The BBC should be showing the marvellous David Lean film Lawrence of Arabia in its new Film Club series on Thursday nights and as always, that film takes me back to my trip to Jordan some years ago, to Petra, Aqaba and Wadi Rum. This is Petra.
Ahmed shines his torch upwards on to the rock-like walls that rise on either side of us to a slit of night sky hundreds of feet above and whispers “Be careful”. I place my feet carefully on the narrow path trodden by ancient tribes centuries ago, a path along which we tourists now travel to view the hidden city of Petra.
Nothing I had read prepared me for my first sight of the fabled Treasury – the most photographed place on the site, a richly deep-hued pink building that had been carved from the mountainside. In the centre of the building was a huge doorway in front of which camels swirled about as their owners petitioned customers to hire their beasts (all guaranteed very tame and ‘no spitting, madam’). In hindsight I think it was good that camels were there to spoil the effect as without them one could well suffer from the Stendhal syndrome (a fainting fit when overcome by the beauty of a place, first recorded by the author in Florence).
In the centre of the doorway stood a Royal Palace guard, resplendent in a long tan-coloured robe liberally bedecked with red bandoliers slung casually over his shoulders the bullets for which were also topped with red, a dagger worn centre stomach, red tasselled sashes and the obligatory red and white chequered kufiyah. I was awestruck.
This was 2012, exactly two centuries after its rediscovery by the explorer Burckhardt, and I was visiting the ‘rose-red city’ of Petra which had lain in ruins for 500 years since its abandonment after the Crusades. Now famous once more due to the work of explorers, painters and film-makers, it still has the power to excite awe and wonder and the approach to it through the narrow gorge is the perfect way to come upon it. Take a guide if you can, chances are he will have been born in one of the caves on the site before the advent of tourism and will have a host of stories to tell you.
Petra’s vast wealth derived from its position as a crossroads of the world where it traded in frankincense from Arabia, spices from India and silks from China. I struggled to imagine caravans of 5,000 camels arriving at this once mighty trading post which Ahmed assured me was the case. How did they negotiate the narrow passages to the entrance? Where did they all live? How did they live? And how did they cope with the smell? Ahmed just smiled. “It is true”, he said, “don’t question, live in the magic”. But it’s not magic; the history books tell me it was so.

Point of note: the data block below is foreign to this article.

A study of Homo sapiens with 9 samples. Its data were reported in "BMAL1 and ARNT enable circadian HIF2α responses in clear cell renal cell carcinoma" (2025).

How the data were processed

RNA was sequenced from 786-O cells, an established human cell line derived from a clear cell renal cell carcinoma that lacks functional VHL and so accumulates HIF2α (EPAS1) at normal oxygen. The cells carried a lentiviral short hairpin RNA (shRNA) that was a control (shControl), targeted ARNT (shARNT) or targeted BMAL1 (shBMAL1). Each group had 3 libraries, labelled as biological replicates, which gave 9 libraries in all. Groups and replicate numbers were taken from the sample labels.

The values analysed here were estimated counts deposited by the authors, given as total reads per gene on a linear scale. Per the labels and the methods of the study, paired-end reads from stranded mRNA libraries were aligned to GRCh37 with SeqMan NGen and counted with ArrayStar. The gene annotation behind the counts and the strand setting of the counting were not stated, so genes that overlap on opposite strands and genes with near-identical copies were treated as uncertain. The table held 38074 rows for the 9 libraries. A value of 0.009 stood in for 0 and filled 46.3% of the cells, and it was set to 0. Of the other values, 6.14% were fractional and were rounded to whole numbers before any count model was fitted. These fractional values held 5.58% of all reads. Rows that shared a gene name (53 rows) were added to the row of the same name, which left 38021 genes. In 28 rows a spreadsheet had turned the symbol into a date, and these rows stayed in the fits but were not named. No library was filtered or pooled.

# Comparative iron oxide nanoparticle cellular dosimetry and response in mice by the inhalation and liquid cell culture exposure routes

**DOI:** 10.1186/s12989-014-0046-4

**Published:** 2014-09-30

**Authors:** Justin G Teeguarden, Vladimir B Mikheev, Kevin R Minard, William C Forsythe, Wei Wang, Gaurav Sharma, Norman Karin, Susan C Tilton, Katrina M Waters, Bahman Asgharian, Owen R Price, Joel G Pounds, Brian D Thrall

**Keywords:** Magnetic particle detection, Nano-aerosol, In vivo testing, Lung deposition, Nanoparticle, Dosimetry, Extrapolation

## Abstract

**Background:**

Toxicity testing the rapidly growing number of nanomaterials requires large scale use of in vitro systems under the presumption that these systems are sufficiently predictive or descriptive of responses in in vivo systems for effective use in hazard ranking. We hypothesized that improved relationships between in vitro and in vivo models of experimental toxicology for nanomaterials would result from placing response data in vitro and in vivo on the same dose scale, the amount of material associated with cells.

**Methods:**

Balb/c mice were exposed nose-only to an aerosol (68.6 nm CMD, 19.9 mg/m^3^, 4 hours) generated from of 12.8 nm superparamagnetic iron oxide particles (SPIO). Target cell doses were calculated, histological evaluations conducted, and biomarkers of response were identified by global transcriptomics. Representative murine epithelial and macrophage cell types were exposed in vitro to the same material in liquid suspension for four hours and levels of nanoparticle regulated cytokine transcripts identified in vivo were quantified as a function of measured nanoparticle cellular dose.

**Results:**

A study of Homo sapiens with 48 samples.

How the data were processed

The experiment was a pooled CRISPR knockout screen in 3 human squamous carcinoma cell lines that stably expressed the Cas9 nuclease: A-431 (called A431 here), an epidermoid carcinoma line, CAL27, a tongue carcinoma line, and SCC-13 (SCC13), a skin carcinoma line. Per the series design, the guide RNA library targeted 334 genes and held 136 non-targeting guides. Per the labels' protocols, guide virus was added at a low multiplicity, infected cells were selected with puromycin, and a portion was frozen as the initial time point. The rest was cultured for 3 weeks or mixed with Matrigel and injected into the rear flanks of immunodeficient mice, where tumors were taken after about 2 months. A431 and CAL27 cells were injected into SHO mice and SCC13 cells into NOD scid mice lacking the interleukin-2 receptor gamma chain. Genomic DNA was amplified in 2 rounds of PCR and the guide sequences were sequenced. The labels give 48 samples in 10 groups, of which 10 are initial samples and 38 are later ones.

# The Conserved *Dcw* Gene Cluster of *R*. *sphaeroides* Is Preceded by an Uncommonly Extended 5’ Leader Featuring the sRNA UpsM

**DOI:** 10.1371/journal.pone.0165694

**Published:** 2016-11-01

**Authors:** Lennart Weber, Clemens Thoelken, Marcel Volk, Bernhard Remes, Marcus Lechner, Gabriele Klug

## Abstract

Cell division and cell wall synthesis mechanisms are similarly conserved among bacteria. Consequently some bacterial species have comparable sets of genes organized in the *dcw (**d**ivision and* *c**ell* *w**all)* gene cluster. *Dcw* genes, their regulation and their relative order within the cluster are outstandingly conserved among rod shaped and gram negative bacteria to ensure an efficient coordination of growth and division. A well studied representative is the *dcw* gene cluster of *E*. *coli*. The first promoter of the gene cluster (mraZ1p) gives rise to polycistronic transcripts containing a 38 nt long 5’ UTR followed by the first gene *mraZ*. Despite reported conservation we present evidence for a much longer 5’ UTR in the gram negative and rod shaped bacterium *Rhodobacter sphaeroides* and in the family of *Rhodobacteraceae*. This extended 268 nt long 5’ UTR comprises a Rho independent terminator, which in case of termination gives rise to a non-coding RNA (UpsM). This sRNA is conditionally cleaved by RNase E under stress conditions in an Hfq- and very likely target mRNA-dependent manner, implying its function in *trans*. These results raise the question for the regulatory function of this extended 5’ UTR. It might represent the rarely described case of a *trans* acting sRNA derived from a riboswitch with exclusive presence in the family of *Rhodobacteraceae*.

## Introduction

Away from the Treasury you are in an ancient city of ruined streets lined with Classical façades, a city that housed approximately 30,000 people at its peak, who spoke Aramaic, the language of the Dead Sea Scrolls – in fact, the language of Jesus Christ. Over 80% of the site remains to be excavated and the heaps of rubble you see dotted around were once houses, shops, and communal buildings.
If it’s not too hot (always go early morning if possible) and you have the energy, it is worth climbing the mountain gorge to the High Sacrificial Place, 850 well-cut steps past extraordinary coloured rocks to where there is a façade even larger than that of the Treasury: a doorway and columns 150 feet high. Your reward is breathtaking views over Petra. No one knows for certain what took place here, whether the sacrifices were of animal or human, but evidence of human sacrifices have been found in surrounding towns/cities. Your other reward can be the freshest lemonade with soda you’ll ever have from the very essential café at the top.
Historical bit: The original inhabitants of this 6th-century BC world of temples, Roman theatres, monasteries and chambers, the Nabateans, set up their city-state, defending their home with ease until 106 AD when it fell to the Romans. After the Romans came the Byzantines, then the Crusaders, until by the 16th century Petra was all but lost to the west. A Swiss Explorer, Louis Burckhard, penetrated the hidden city in 1812 and the world became aware of the wondrous city that had once been the centre of a trading empire that stretched from Saudi Arabia to Damascus.
There were few tourists when I visited Petra in 2012 just after the conclusion of one of the many disputes in that part of the world. My guide was fond of saying “We are a small friendly family with some noisy, disruptive neighbours but we welcome visitors” and that was the extent of our political discussion. Now once again I fear there will be few, if any, tourists, and the friendly, welcoming people of the area will miss the tourists. Go visit if you can, when things get better. These friendly people needs and welcomes tourists.